Something of a short placeholder post until later. By which I mean: until the PhD is finished. Probably.
Walked the Marratide pilgrimage, in memory of William Martin, for the third time this Saturday gone. Strange to do it on a Saturday, having done so on Sundays in 2017 and 2016. Noticeably more traffic. Thoroughfares of Durham City chocker with early evening drinkers, easing themselves in for a night on the tiles.
|At The Copt Hill, near Houghton-le-Spring, 2018|
I’ll say more about the walk later. For a proper summary of the 2016 walk, see this post, which I wrote at the time. A few brief points of observation or musings:
- · Not having Graham, Bill’s son, with us on the walk was regrettable, though due to recentl ill health, he was wise to remain at home. Graham did send us off in good spirits, however, with Easthope coffee and biscuits. I hope you’re able to join us again next time, marra!
- · We missed the Seven Sisters, an impressive Iron Age round barrow on top of which sit a circle of trees, framing a section of the walk which overlooks Hetton. Again, it was a shame to’ve missed these trees (image below) where last year we scattered some of Bill’s ashes. That said, the three times I’ve done the walk now there have been minor differences to the route for one reason or another.
|Seven Sisters (in 2017)|
- · Also around Hetton, before the Bogs, it was a shame to see the beginnings of a new housing development. At risk of sounding ultra-conservative about this, sight of the foundations did catalyse much discussion around land use, social housing and planning laws, which seem either absolutely static or over-zealous, and are so often stacked against those who most need to be homed. No doubt Bill would have been keen to press for more social housing, albeit in a way that didn’t further erode the precious greenbelt and beautiful open spaces of these landscapes.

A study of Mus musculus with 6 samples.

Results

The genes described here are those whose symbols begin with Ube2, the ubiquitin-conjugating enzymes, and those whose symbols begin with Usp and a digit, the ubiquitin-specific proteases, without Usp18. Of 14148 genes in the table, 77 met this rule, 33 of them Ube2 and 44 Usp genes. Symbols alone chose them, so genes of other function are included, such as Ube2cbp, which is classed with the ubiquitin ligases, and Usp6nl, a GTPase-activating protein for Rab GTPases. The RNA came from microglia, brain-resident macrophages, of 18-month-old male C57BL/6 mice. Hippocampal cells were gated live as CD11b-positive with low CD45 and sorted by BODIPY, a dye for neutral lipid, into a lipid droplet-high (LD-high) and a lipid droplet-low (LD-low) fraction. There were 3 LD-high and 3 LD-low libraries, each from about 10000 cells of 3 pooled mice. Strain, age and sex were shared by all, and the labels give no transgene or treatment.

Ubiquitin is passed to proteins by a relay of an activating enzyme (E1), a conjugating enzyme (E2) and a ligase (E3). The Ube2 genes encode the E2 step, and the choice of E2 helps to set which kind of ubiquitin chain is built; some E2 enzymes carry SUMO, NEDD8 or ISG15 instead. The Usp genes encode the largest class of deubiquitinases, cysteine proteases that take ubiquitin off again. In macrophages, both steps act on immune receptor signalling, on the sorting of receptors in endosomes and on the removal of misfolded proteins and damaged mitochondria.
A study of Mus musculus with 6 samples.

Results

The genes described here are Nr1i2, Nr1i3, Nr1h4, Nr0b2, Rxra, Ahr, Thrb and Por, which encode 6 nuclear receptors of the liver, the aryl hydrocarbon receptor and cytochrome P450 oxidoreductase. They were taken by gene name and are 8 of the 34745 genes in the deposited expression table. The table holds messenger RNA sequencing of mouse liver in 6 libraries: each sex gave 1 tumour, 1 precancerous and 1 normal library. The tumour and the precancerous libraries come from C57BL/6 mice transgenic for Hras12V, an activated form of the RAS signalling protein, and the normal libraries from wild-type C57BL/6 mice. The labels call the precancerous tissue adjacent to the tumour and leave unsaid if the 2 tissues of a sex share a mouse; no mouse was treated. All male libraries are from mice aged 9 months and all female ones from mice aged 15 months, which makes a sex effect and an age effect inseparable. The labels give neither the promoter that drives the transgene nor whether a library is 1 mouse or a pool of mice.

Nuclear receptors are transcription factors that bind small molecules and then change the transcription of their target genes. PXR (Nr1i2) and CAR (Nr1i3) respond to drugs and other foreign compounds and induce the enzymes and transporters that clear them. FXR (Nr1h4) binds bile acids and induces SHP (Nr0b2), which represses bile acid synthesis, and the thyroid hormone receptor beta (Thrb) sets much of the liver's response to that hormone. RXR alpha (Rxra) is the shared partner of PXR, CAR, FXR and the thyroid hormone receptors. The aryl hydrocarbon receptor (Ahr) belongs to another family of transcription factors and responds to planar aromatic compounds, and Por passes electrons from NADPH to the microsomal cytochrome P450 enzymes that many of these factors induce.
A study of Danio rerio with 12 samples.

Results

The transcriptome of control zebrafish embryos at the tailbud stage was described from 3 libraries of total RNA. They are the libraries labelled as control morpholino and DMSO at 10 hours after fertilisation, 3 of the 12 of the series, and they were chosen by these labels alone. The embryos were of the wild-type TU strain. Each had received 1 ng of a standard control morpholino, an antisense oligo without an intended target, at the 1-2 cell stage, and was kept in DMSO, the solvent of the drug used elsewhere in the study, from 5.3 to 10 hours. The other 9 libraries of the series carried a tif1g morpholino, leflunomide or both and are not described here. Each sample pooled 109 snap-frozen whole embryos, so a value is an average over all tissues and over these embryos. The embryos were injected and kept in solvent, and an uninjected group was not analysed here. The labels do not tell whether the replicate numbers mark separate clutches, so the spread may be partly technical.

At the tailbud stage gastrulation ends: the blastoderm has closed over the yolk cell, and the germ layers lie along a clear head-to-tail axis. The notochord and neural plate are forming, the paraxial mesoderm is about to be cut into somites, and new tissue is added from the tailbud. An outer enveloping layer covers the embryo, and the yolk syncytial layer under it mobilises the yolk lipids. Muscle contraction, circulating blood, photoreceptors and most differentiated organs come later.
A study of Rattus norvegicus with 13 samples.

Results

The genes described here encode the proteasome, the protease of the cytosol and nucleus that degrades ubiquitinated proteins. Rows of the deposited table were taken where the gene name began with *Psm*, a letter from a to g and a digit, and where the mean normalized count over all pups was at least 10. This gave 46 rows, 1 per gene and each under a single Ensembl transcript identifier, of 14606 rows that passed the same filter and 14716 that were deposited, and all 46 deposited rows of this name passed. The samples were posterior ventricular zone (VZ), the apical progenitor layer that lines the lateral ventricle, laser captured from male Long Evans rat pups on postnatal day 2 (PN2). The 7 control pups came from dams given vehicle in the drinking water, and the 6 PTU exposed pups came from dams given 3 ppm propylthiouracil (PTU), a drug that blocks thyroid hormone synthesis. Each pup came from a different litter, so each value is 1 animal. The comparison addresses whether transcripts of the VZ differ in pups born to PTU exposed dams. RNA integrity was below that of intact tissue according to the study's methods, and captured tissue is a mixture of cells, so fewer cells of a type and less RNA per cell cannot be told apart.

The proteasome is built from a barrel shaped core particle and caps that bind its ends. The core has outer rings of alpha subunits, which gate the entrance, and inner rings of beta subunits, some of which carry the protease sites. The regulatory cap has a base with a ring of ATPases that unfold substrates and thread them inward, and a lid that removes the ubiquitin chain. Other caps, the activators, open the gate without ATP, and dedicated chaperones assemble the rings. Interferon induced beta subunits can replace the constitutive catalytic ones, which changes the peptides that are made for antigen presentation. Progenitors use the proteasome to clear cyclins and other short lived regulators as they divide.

|Beginnings of a housing development in Hetton. Note the wildflowers.|
- · Pubs. The Blacksmith’s Arms in Low Pittington remains closed, though a squad of handy-looking blokes with power tools informed us of its imminent re-opening, in August. However, if The Copt Hill, 4 miles up the road, is used as a local barometer, the new Blacksmiths faces an uphill battle. The Copt Hill is the traditional first stopping point on the route, but it looks, feels and smells every inch a hostelry on death’s door. It will be sad if it shuts, but I won’t at all be surprised if we’re not parking up there for a mediocre beer next year. Near the end of the route, we stopped – for the first time ever in the history of these pilgrimages, according to Peter Armstrong – at The Gilesgate Moor Hotel on the Dragonville Industrial Estate. An animated game of dominoes was taking place as we supped lager and gathered our thoughts for the final furlong. The day was concluded with crisps and ale in The Victoria, surely Durham’s finest boozer.
- · The end-point. Two times out of three now our passage to Cuthbert’s shrine has been foiled, this year because of the choral evensong. So, once again, we paid our respects to the Venerable and visited the Galilee Chapel instead.
I’m speaking at an event called Living Otherwise at the Thought Foundation in Birtley on Wednesday about Bill’s life and work. Framed around the pilgrimage, I’ll discuss Bill’s concept of the Marradharma as an important way of framing international-regional dialogue between poetics and politics.
After that, I’m head down into the PhD, aiming to have a full first draft complete by autumn, with full submission coming – hopefully – in the new year.